The U.S. Election Assistance Commission, which is responsible for testing and certifying voting systems, among other things, was hacked around the time of the election, security outfit Recorded Future reports. The EAC confirmed a “potential intrusion” in a statement issued to TechCrunch.
This isn’t a smoking gun for a stolen election or anything like that; the EAC doesn’t actually run the elections, nor does it handle voter information. But it is a shameful display all the same, especially considering how loudly and frequently the hacking threat has been bruited by officials this year.
Recorded Future heard early this month that the EAC had been hacked, and found someone going by the handle Rasputin trying to sell over a hundred logins to its systems. Some of those logins had full administrative privileges, and many had access to confidential testing plans and results for voting hardware around the country.
In addition to logins, Rasputin was selling an open SQL injection vulnerability for the EAC’s internal website. The researchers notified the EAC and law enforcement and the issue was fixed, but it could have been exploited at any time up to its resolution.
In its statement, the EAC said it was working with the FBI “to determine the source of this criminal activity.” I asked for more information on when and how the hack was detected, and will update this story if I hear back.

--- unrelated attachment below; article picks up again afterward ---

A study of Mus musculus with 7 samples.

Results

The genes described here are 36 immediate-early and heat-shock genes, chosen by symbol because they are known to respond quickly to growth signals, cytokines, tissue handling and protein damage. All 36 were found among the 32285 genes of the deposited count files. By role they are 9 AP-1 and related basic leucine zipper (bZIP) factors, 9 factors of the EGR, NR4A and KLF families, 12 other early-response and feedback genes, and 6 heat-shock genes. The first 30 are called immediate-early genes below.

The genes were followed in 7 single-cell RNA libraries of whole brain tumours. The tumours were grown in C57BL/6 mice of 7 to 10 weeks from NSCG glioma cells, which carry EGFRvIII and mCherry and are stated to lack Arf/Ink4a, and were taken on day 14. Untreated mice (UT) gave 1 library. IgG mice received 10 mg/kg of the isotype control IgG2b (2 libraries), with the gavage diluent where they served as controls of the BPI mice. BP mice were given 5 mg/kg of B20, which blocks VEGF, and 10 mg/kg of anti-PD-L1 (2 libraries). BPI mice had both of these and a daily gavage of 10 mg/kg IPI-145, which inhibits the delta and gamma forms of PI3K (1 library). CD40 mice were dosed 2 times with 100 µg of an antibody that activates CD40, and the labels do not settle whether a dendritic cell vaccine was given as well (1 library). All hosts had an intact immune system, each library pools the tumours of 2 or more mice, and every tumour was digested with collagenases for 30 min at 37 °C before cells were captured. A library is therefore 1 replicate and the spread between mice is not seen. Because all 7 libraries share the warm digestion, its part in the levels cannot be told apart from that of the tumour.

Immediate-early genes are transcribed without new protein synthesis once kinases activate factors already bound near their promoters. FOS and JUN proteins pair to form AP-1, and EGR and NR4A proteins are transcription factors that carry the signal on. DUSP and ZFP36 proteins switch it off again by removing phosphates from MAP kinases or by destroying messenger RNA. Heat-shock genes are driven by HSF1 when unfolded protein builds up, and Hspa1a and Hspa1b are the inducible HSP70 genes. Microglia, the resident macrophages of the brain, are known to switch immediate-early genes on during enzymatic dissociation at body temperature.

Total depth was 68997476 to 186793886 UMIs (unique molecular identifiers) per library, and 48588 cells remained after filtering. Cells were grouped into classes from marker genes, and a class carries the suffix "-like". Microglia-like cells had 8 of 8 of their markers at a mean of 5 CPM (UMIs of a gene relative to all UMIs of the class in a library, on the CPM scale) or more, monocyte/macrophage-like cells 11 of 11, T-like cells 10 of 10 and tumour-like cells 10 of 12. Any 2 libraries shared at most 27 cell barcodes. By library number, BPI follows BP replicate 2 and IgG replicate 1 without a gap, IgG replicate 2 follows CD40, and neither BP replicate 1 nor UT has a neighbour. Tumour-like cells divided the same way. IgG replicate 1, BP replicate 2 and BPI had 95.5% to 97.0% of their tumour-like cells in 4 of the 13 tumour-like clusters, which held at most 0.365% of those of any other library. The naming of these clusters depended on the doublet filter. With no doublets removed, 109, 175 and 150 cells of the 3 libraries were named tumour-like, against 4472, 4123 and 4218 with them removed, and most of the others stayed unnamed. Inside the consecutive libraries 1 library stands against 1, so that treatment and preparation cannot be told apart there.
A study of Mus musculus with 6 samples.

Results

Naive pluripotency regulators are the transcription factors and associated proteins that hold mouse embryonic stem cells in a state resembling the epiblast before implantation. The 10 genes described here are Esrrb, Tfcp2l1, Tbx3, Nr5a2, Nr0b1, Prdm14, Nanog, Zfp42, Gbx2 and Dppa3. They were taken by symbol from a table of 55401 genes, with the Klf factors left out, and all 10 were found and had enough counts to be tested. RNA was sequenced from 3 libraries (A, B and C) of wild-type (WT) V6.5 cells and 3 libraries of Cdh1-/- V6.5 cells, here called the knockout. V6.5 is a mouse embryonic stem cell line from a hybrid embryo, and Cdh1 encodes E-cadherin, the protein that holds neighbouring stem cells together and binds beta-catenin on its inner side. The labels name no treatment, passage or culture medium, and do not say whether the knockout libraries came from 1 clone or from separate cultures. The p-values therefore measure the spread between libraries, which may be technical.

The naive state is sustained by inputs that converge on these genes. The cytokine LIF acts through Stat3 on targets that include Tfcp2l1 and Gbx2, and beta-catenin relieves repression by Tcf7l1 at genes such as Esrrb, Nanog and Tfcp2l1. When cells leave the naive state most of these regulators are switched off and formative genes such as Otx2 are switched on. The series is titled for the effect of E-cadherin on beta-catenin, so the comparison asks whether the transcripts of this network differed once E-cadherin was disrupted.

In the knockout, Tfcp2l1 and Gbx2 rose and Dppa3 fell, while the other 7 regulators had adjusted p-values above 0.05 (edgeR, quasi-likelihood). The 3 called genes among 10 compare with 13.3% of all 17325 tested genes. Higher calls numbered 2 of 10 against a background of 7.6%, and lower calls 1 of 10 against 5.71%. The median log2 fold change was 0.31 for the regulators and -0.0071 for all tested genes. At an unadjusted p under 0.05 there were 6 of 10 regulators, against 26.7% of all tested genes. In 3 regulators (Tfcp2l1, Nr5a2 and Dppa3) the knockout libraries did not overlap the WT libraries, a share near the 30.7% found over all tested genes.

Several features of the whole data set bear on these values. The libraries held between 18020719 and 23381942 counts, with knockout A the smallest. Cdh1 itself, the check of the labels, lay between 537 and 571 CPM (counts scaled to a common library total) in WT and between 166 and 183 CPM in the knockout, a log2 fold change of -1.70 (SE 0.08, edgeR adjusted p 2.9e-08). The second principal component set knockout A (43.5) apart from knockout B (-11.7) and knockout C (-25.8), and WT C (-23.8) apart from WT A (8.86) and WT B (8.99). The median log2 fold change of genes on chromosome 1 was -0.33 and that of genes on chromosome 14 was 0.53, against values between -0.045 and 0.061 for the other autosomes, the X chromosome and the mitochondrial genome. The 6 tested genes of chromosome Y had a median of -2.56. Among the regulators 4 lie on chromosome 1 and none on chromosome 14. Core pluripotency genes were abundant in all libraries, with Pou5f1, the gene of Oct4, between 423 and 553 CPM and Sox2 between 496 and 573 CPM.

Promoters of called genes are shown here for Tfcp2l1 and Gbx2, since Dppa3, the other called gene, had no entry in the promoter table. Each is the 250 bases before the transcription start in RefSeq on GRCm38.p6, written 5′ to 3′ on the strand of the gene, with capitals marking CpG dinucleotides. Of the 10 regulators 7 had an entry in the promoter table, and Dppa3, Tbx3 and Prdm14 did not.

Rasputin, as you might guess from his name, spoke Russian and may hail from that land, but there’s no reason to think this was a state-sponsored job — unlike, for instance, the DNC hack.
The icing on the cake is that the EAC published an editorial in the Washington Post this October entitled “Don’t believe the hype. Foreign hackers will not choose the next president.” It’s entirely possible that foreign hackers were, at that very moment, present on the commission’s network.
“We work with state and local officials across the country to identify and share best practices regarding cybersecurity, including information on testing systems, auditing the results and creating contingency plans,” read the article. “Election officials use this information to better prepare and secure their systems.”